Dems Prepared to Go it AloneAugust 24, 2009 - by Donny Shaw
Despite all the talk of finding a bipartisan compromise on healthcare reform, Republicans and Democrats have moved further apart on what should be in the bill, not closer. The Democrats had originally aimed to pass a healthcare bill in both the Senate and the House before leaving for the August recess, knowing that if Republicans were able to delay, they would start to sense blood and would move in for the kill.
There’s always been a procedural option available for Democrats to pass healthcare without any Republican votes. It’s called budget reconciliation, and it would allow for a substantial portion of the Democrats’ bill to get through the Senate with only 51 votes. Pundits and bloggers have speculated for months that if they couldn’t pass a bill before the August recess, Democrats would come back in September and use the budget reconciliation process to get it done. Now, Senate Democrats are beginning to suggest that that may be the case:
Senate Democrats said Sunday that they were fleshing out plans to pass health legislation, particularly the option of a new government-run insurance program, with a simple majority, instead of the 60 votes that would ordinarily be needed to overcome a filibuster.
After consulting experts in Senate rules and procedure, the Democrats said they were increasingly confident that they could legislate creation of a public plan in a way that would withstand challenges expected from Republicans.
Last Friday, a spokesman for Senate Majority Leader Sen. Harry Reid [D, NV] signaled the Democrats’ openness to using reconciliation by saying they were committed to passing a bill “by any legislative means necessary.” On Sunday, Democratic Senatorial Campaign Committee Chairman Sen. Chuck Schumer [D, NY], the Senate’s third-ranking Democrat, also indicated that things were headed in that direction:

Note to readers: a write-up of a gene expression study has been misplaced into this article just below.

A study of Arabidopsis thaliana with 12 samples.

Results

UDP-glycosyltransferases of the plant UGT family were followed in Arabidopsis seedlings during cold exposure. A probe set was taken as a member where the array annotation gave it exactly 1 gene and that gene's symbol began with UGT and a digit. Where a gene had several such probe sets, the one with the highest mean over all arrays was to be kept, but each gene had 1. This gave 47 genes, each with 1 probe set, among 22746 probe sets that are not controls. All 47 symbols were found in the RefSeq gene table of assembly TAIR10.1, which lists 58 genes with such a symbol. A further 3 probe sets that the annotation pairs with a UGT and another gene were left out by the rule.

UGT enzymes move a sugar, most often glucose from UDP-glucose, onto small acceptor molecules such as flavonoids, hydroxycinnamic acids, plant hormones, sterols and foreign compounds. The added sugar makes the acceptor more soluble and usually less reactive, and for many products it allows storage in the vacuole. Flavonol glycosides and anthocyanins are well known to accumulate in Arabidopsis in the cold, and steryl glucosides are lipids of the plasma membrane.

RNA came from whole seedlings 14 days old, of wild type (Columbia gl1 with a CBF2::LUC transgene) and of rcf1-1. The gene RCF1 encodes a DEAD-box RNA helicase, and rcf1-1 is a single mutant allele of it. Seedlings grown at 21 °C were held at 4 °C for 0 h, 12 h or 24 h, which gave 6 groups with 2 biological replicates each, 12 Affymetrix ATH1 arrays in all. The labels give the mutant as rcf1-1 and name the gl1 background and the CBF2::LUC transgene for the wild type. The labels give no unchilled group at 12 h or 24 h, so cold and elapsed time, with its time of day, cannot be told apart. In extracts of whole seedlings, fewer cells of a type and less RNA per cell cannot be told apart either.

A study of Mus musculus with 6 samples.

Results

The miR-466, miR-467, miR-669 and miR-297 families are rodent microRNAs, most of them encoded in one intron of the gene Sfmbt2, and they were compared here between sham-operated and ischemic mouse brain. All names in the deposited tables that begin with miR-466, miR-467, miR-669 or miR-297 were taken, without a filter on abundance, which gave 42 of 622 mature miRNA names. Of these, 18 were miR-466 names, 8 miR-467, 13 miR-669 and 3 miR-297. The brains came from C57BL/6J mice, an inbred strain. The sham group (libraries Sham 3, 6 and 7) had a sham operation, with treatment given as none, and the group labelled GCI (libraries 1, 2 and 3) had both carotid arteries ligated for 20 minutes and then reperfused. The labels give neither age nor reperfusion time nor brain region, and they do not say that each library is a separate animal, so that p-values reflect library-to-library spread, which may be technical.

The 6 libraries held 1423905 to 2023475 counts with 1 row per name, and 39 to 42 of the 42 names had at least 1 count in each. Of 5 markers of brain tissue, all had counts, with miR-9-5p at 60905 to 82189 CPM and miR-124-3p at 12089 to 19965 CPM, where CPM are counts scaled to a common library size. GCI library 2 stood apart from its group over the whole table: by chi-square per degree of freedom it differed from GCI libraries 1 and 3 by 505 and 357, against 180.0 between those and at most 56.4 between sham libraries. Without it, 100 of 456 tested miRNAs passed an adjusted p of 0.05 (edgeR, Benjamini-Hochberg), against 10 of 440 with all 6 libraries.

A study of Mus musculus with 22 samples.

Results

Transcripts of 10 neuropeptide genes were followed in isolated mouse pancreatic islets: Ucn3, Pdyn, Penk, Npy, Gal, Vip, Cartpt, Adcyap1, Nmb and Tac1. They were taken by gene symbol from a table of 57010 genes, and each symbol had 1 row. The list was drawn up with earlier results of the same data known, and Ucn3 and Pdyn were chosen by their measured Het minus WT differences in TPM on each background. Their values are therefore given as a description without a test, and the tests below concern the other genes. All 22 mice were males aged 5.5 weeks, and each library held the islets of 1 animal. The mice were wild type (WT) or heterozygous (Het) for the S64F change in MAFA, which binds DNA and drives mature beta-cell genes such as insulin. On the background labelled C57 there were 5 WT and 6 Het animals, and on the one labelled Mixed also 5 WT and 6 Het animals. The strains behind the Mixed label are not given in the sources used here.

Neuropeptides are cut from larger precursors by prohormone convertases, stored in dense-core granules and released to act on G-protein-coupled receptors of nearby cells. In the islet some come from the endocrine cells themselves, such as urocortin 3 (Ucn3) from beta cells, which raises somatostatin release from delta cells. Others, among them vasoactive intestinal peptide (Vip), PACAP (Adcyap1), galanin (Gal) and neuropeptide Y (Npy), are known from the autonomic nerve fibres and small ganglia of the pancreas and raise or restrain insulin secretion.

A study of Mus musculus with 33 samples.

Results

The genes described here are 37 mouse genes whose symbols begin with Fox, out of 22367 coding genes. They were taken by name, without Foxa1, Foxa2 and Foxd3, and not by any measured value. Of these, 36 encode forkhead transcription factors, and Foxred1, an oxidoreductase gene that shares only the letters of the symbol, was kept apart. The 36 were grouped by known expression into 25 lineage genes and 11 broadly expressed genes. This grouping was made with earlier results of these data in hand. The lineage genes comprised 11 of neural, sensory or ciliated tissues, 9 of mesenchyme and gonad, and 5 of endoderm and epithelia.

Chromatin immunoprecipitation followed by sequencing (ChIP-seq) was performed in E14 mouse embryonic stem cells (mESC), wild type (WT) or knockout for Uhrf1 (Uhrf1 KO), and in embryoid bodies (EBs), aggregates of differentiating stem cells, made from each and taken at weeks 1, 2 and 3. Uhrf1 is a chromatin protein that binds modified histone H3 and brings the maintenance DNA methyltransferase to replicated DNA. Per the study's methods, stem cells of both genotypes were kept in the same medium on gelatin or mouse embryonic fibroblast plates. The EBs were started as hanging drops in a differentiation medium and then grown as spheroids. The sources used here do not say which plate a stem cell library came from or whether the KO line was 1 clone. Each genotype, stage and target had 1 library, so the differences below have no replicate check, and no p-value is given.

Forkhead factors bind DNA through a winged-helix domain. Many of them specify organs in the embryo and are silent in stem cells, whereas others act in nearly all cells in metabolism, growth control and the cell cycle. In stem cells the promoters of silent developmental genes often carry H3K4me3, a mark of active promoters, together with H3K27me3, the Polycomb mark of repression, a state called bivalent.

Mr. Schumer said it was “looking less and less likely” that Republicans would support Democratic proposals to subsidize coverage for tens of millions of the uninsured. And Senate Democratic leaders said they had little hope that the chairman of the Finance Committee, Senator Max Baucus, Democrat of Montana, would be able to forge a bipartisan compromise.
In the last week, Democrats have begun to talk openly of using a procedure known as budget reconciliation to pass a health bill in the Senate with a simple majority, assuming no Republican support. To do that, under Senate rules, they would probably need to show that the public plan changed federal spending or revenues and that the effects were not “merely incidental” to the changes in health policy.
Democrats believe they could clear this hurdle by demonstrating that the public plan would save money or cost money.
“If a public plan is shown to have a cost to the government that affects outlays or revenues, it could be included in a health care bill using reconciliation procedures,” said Martin P. Paone, a former Senate aide who has been consulted by Senate Democrats.
Blommberg is reporting that the Obama Administration may be on board too:
President Barack Obama is likely in September to end Democratic efforts to work with Republicans on health-care legislation and press for a party-line vote if the stalemate on the issue in the U.S. Senate persists, a person close to the White House said.
The president and his advisers have started devising a strategy to pass a measure by relying only on the Democratic majority in each house of Congress, said the person, who spoke on condition of anonymity.
For more detailed information on how exactly the reconciliation process works, see this diary on Congress Matters. This is the same procedure that was used by Senate Republicans under President Bush to pass his first round of tax cuts. It’s been used over 20 times in the past 35 years, by both parties. It’s most recent use was in 2007, when the Democrats in Congress invoked it to cut subsidies to student-loan providers.